Todd Clouser on Crafty Improvisation

It’s a bit of a strange journey, though, in the end, it all makes sense.

It’s a bit of a strange journey,though, in the end, it all makes sense. Minneapolis native Todd Clouser wants a big change, so he gets a teaching job at a school in Baja, California. Then, while playing out, he meets some musicians from Mexico City and starts jamming with them. Eventually, he falls in love with the “chaos and freedom” of Mexico City, and ends up living there.

“There’s an audience for me in Mexico City,” he explains. “I don’t have to compromise myself there.”

Clouser’s latest release with his band A Love Electric is entitled Son of a Hero [Ropeadope], and it includes keyboard wonder John Medeski. While Clouser may have backed off the solos somewhat for Son of a Hero, he is nonetheless an accomplished lead player, and an extremely savvy improviser.

What’s it like playing with a monster like John Medeski?

Medeski is not going to sit down and play gentle for you. He is going to turn things upside down—that’s what he does. He’s a force, and you have to embrace it.

Clouser on his “obnoxious” blue Gibson ES -335.

What influences do you most draw from when you improvise?

I grew up in my house hearing Motown, so that’s where some of my groove elements come from. But that also lead me to deep blues—Lead Belly, Blind Lemon Jefferson, field recordings, and so on. Those are really the roots of what helps me in composition, improvisation, and story telling. However, I first connected improvisation— that word—to Jimi Hendrix. When I was a kid, I’d sit alone banging on my guitar without having any tools to express myself—no chords yet or anything like that. And I got into Hendrix, and I could hear him making noise on this guitar, and that gave me the liberty to follow this route. “Oh, I’m improvising— that’s what I am doing.” So I did a lot of improvised music, and then I discovered jazz, and then I tried to un-discover jazz—at least the academic side of it—and I ended up on a more visceral side of improvisation.

How do you personally manage not to fall into clichés, or copy your influences?

It can be dangerous, because there are harmonies and licks that are so common to us. And it can often be especially dangerous for me, because I do imitate people when I practice, in order to discover something about their language. But when it’s my turn to do it, I want to do something that’s almost completely mine. So I use what I’ve heard as more of a feel question, than stealing actual notes. For me, obviously music is communication. When somebody is really giving me their story, I think that’s more inspiring—and more of a push to allow me to embrace my own voice—than it is to actually use notes from somebody else.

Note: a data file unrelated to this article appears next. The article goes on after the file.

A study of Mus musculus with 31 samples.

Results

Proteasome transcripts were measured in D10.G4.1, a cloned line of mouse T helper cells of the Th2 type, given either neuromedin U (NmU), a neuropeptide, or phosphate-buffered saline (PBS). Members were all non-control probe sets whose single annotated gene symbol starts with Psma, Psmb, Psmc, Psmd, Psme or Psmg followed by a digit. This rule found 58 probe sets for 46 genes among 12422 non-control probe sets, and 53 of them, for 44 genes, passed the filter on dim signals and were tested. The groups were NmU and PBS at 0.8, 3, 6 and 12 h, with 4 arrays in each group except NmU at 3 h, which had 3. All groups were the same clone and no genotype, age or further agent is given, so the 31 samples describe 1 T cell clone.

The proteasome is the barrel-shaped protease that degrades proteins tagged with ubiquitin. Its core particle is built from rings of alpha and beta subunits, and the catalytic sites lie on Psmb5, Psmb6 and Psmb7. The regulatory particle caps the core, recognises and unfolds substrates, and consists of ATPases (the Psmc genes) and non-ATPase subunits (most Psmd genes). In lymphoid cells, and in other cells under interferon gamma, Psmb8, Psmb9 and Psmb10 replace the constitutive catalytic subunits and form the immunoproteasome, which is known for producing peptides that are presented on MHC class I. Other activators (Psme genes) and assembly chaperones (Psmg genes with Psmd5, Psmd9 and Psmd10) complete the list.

Okay, so now we are on to the next step—how do you formulate what you’ve heard into notes that are truly your own?

From an academic standpoint, you can just manipulate the phrase. There are many ways to manipulate a riff, a melody, or a lick—turn it upside down, omit something from it, elongate it, cut it up, or transpose it. Then, things start to happen. You start to discover new sounds and notes that you might like. Like, instead of playing the root, maybe I’ll go for the flat 9. “Oh, I love that! It sounds really nasty. I’m going to go with that.” It’s okay to mess with things like that, because then the things you got from somewhere else kind of become yours.

Miles Davis’ trumpet on On the Corner inspired Clouser’s guitar sound. “I love that sound,” he says. “I didn’t try to copy it, but there are elements of it in my distortion, resonance, and delay.”

Do you feel your improvisational forays incorporate elements that perhaps some other players may not always consider?

Well, I often try to view the guitar purely as something that makes sound. It’s not cut up in boxes, and it’s not cut up in frets. I don’t necessarily have to strike the strings in front of the pickups—I can hit them by the headstock, or scrape the strings. I look at the guitar as an instrument of sound capable of creating worlds, universes, textures, and colors. Sometimes, guitarists can lose that, because we hear players who are impressive, and we want to emulate the technical things they do. But my goal is to step back from that, and view the guitar as this tool to make sound.

That’s interesting. I feel some players aren’t always comfortable letting go of structure.

I want a little structure, but I also want it to be the Wild West. I want to go as far out as I can go. But, yeah, there are anchors, and even I like the way the root sounds. So I’ll land on things that sound common, but, with that in mind, I’ll always try to discover something new and push it. I’m not really jazz-jazz, but I love the spirit of jazz that constantly pushes things to a place they haven’t been yet.

Of course, that brings up another uncomfortable aspect of letting go—the fear of making mistakes.

Listen, this is why artists like Nirvana and Bob Dylan are genius. People are singing out of tune, or there are tempo issues and stuff like that, and it doesn’t matter because they’re expressing themselves. And that’s what becomes important—having something to say. It’s not about perfection. It’s about humanity. People want to hear you and all the imperfections that make up who you are. That’s what they’re looking for in music.